Wrong, wrong, 500 times wrong, says Kelly Reynolds,
Ph.D., an assistant professor of microbiology at the University of
Arizona. While the
floor may be crawling with 1,000 bacteria per square inch, the sink
hosts around 500,000 bacteria per square inch -- and she's seen sinks
millions more than that. "The sink is a ready source of bacteria just
washing off hands as well as food, which may carry fecal bacteria." The
number of bacteria it takes to make us sick depends on the type, but
Reynolds says that it takes between 100 and 1,000 bacteria to transmit
salmonella, which is the most frequently reported cause of foodborne
Reynolds says our kitchen sinks are often dirtier than the toilets of public bathrooms, which may be regularly scrubbed with powerful disinfectants. "If you dropped something in the toilet at the gas station, would you rinse it off and eat it? Use the same mentality for your sink."[Next: What to do if you drop food in the sink]
Now, if you were about to boil those vegetables, you'll probably be fine, as most germs are obliterated by high cooking temperatures. But if salad dressing was the only thing you were planning to pour on those carrots, Reynolds advises a vigorous, no-joke rinse. "Rub the dropped produce with your hands under running water, as that dislodges the bacteria and rinses it down the drain." (Do the same thing if food falls on the floor.)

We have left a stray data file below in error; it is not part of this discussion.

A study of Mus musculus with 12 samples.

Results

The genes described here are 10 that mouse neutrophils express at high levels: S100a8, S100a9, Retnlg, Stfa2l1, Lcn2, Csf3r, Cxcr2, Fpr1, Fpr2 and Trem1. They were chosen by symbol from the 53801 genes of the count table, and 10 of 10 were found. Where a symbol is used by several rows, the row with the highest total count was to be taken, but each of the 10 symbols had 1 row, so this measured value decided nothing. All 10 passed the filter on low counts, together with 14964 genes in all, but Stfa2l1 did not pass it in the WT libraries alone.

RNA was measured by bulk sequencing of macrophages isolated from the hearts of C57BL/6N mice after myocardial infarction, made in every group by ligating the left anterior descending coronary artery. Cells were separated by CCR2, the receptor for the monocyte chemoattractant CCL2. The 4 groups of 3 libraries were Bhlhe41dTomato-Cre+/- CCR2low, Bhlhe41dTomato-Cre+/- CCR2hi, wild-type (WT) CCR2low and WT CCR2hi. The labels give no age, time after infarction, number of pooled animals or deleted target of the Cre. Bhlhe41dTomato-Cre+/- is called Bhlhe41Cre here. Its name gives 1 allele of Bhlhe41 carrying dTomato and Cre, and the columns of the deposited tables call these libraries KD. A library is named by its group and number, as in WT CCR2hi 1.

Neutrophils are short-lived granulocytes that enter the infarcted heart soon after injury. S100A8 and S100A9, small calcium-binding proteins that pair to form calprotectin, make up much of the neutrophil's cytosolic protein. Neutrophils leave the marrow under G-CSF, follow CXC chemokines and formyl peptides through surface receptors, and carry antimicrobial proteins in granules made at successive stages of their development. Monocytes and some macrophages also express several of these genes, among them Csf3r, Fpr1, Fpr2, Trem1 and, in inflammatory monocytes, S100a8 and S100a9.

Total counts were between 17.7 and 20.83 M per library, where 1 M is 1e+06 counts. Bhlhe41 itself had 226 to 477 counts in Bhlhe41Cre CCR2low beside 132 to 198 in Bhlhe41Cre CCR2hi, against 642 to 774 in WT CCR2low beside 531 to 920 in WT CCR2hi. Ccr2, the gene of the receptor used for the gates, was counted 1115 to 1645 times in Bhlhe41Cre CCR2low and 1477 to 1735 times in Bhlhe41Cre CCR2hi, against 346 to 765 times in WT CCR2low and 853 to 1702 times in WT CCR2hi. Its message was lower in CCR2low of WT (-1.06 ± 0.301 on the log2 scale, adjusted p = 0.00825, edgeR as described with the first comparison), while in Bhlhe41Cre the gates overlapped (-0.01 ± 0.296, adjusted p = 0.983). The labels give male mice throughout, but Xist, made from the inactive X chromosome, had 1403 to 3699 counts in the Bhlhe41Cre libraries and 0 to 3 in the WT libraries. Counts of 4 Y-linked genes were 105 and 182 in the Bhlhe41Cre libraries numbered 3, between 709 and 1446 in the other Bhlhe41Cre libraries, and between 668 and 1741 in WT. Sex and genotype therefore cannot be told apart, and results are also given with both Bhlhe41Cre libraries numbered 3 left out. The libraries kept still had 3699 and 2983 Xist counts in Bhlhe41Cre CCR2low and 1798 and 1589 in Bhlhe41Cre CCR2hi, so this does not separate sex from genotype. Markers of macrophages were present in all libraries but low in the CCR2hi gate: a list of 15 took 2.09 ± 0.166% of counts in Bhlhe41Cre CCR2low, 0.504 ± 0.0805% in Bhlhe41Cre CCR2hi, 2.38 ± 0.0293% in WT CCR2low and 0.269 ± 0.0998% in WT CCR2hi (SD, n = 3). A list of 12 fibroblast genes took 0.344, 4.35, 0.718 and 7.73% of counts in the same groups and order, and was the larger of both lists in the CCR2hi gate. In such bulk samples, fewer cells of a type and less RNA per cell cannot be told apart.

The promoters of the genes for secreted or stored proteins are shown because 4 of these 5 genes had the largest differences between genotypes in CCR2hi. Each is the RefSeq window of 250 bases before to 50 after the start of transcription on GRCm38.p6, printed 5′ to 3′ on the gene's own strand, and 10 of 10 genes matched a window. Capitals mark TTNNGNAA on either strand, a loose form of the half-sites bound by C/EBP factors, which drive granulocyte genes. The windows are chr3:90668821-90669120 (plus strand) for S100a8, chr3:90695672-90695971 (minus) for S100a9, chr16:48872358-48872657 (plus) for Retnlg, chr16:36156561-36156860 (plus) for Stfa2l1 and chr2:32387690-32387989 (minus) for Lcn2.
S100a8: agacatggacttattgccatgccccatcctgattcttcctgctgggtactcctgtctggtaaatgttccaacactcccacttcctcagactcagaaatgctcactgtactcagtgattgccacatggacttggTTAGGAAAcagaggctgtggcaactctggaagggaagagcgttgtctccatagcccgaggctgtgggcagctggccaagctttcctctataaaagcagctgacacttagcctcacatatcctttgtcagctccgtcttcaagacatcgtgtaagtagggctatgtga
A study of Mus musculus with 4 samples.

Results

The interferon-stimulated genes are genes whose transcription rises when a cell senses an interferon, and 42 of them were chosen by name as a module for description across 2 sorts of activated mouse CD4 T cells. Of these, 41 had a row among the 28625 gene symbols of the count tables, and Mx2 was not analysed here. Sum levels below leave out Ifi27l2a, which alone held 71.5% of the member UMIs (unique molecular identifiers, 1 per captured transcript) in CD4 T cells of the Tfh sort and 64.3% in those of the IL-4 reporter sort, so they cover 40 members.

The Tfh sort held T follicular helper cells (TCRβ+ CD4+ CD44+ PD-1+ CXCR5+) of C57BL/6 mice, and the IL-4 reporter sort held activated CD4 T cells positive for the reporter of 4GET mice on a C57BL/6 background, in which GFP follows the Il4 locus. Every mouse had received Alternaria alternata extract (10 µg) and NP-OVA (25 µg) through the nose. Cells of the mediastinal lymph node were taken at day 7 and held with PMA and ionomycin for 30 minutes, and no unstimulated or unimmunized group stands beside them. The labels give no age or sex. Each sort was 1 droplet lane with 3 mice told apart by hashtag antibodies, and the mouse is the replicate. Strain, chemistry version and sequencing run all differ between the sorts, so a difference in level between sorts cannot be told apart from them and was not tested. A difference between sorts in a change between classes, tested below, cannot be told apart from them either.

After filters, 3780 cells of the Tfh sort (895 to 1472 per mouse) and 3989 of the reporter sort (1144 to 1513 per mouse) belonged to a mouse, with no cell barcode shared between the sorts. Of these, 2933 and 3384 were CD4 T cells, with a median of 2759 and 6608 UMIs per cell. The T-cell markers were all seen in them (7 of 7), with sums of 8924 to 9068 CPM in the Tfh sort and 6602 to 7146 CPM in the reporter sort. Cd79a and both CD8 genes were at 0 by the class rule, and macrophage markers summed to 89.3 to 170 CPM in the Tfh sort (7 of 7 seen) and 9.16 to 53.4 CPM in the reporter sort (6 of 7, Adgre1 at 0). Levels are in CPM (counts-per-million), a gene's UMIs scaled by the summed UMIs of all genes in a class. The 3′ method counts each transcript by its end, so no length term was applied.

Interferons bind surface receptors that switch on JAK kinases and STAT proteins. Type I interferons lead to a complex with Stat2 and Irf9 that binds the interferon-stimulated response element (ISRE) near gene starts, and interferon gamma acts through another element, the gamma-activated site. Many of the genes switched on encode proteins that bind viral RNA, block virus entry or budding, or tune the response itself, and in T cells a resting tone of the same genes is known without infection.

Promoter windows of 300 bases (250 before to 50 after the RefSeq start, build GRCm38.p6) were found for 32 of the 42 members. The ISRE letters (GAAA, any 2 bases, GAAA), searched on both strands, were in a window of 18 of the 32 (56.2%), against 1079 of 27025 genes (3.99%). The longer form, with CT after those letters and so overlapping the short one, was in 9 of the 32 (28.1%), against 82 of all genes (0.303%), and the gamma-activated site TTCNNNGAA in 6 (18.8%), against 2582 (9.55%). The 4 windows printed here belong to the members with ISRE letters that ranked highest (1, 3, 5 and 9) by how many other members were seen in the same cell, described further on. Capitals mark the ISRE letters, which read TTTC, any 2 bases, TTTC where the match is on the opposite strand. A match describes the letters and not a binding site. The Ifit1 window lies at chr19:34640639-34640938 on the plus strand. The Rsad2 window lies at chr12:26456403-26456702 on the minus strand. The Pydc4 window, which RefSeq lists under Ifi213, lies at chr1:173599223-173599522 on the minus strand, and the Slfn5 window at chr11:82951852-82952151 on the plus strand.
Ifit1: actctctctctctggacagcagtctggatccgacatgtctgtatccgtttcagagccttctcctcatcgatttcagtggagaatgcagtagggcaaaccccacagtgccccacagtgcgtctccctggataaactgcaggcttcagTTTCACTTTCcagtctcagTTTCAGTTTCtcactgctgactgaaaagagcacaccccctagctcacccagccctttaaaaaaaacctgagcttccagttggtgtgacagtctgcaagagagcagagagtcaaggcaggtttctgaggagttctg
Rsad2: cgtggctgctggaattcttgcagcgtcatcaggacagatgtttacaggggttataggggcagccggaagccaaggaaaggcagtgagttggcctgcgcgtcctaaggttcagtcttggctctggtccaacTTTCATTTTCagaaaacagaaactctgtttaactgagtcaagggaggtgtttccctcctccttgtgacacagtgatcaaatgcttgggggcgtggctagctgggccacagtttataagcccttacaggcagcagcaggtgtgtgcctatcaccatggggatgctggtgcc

To reset your sink's bacteria count back to zero, Reynolds suggests regularly washing it with hot water and diluted bleach (she does this every day before preparing dinner). "You can also buy disinfectant sprays, but I find regular bleach to be cheaper and more effective." If you do this after meals, you can even toss in your dishtowels. Reynolds says that that if you can smell mold, the towel is basically crawling with germs.
Bottom line: The floor is by no means germ-free, but the kitchen sink is far worse. Prepare your salad over a disinfected countertop, instead.